A control valve is a power-operated device used to regulate or manipulate the flow of fluids, such as gas, oil, water, and steam.
It is a critical part of a control loop and is an example of a final control element.
The Control Valve is by far the most common final control element used in industry today.
A control valve has two separate components: the Valve and the Actuator.
Valve bodies are of different types or styles depending on service conditions, piping layout, and desired application.
The two classes of control valves are Linear Motion and Rotary Motion.
On a linear motion valve, the stem and valve movement is up and down.
A common type of sliding control valves is the Gate Valve.
A rotary motion valve in almost all cases rotates 90° from open to the closed position.
A commonly used rotary valve is the Butterfly Valve.
The actuator is the device connected to the valve through the valve stem that provides the force required to move the valve.
The actuator can be controlled electrically, pneumatically, or hydraulically.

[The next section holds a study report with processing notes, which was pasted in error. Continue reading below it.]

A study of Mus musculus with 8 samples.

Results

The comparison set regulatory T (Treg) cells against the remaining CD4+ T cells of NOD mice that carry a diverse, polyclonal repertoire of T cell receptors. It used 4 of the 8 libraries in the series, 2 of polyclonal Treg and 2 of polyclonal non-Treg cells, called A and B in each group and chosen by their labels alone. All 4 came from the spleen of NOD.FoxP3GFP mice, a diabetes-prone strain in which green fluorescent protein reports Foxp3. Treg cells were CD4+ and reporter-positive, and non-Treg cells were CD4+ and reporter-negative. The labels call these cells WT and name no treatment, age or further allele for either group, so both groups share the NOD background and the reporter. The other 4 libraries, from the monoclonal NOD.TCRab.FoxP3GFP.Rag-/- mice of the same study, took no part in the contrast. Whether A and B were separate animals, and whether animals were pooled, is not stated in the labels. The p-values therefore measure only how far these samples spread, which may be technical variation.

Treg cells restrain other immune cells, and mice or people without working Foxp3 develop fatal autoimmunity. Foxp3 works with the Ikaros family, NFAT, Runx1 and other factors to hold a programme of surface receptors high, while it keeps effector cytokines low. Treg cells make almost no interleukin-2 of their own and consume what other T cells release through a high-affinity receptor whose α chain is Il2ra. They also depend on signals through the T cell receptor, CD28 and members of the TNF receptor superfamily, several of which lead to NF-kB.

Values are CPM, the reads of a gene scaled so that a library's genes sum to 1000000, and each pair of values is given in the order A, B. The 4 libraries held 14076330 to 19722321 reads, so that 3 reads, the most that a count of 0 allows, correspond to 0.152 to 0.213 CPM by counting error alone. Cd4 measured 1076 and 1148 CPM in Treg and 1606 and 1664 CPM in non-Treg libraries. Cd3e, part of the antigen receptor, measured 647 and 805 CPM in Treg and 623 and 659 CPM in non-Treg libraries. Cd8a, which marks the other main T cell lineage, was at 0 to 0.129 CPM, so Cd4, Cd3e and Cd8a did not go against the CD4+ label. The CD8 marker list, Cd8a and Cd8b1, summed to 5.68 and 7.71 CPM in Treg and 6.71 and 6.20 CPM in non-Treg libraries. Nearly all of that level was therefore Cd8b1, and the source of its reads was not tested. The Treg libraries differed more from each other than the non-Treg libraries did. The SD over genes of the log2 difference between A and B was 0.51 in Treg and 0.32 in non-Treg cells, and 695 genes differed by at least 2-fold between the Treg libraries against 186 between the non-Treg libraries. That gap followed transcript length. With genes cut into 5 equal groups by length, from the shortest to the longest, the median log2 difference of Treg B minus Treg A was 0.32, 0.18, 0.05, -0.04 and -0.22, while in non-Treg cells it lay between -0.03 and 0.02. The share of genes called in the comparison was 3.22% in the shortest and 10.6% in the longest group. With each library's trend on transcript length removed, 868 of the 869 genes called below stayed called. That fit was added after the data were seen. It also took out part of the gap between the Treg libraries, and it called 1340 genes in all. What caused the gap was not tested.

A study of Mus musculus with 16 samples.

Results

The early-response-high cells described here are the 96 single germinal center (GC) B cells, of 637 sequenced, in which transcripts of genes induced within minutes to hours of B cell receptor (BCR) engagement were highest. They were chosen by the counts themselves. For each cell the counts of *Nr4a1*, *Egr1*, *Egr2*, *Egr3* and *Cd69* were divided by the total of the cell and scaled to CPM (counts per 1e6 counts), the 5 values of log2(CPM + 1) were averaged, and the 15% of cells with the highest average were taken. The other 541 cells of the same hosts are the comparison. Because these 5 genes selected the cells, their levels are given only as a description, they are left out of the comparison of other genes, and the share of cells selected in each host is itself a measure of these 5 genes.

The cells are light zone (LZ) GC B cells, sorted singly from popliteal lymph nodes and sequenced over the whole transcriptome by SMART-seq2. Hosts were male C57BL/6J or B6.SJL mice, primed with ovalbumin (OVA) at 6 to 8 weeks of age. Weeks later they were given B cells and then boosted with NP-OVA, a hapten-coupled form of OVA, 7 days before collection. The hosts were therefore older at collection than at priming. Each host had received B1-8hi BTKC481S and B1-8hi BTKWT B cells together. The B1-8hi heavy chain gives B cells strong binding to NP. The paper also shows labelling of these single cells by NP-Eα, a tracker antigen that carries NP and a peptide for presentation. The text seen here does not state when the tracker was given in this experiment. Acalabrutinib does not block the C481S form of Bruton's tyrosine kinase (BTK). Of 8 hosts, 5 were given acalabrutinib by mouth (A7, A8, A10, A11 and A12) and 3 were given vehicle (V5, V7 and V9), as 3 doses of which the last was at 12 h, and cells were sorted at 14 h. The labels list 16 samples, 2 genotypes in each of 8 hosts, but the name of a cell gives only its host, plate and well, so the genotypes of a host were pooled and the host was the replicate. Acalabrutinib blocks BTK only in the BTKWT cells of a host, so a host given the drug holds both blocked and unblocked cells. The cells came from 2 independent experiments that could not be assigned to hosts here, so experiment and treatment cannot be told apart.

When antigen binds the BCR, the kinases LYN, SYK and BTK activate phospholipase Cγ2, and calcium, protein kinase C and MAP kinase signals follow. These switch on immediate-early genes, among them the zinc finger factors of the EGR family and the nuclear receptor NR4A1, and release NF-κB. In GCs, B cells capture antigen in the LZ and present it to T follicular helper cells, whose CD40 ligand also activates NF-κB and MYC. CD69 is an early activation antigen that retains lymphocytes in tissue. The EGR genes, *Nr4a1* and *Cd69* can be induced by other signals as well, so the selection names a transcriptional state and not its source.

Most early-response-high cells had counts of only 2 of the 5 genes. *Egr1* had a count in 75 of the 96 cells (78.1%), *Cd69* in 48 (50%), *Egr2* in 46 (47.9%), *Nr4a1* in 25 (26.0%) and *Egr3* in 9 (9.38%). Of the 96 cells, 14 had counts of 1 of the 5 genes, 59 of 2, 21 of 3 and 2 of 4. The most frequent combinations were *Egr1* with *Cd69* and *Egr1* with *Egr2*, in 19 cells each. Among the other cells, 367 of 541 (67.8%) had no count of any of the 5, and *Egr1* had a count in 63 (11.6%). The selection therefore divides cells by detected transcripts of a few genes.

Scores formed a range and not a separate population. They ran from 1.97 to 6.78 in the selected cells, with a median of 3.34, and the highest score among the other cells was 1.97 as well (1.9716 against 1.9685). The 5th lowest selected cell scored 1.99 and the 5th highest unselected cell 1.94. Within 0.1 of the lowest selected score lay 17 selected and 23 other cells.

The most common and the most reliable is the “Pneumatic Actuator”.
The control valve receives a signal from a controller such as a PLC or a DCS in order to operate.
The controller compares the actual flow rate to the desired flow value called the setpoint.
The controller will produce an output to move the valve to bring the flow rate to the setpoint value.
Because the PLC signal is electrical, the control valve may require a device to convert that electrical signal so that it can operate.
Because of how pneumatic actuators are built, a control valve will fail to a specific position when a loss of the control signal occurs.
As the supply air pressure is increased, the rubber diaphragm pushes against the spring and moves the valve stem down into the valve body.
As the supply air pressure is reduced, the spring will move the valve stem out of the body.
The position to which the control valve is moved if a loss of signal occurs is referred to as the fail-safe mode.
The type of fail-safe mode depends on the application for which the control valve is used.
The actuator causes the valve to close in a Fail-Closed Control Valve.
The actuator causes the valve to open in a Fail-Open Control Valve.
In normal operation, the force of the spring must be overcome by the electrical or pneumatic actuator.
In the event of a power failure to the actuator, the electrical or pneumatic force is no longer present and the spring pressure forces the valve to open.
You might wonder how much the valve opens or closes when the flow rate changes.
Well, that depends on a number of things such as the percentage of the flow rate change and the diameter of the pipe.
Regardless, the Controller must be tuned so that it produces the correct response to any change in flow rate.
This is most commonly achieved by using PID control within the PLC or Controller.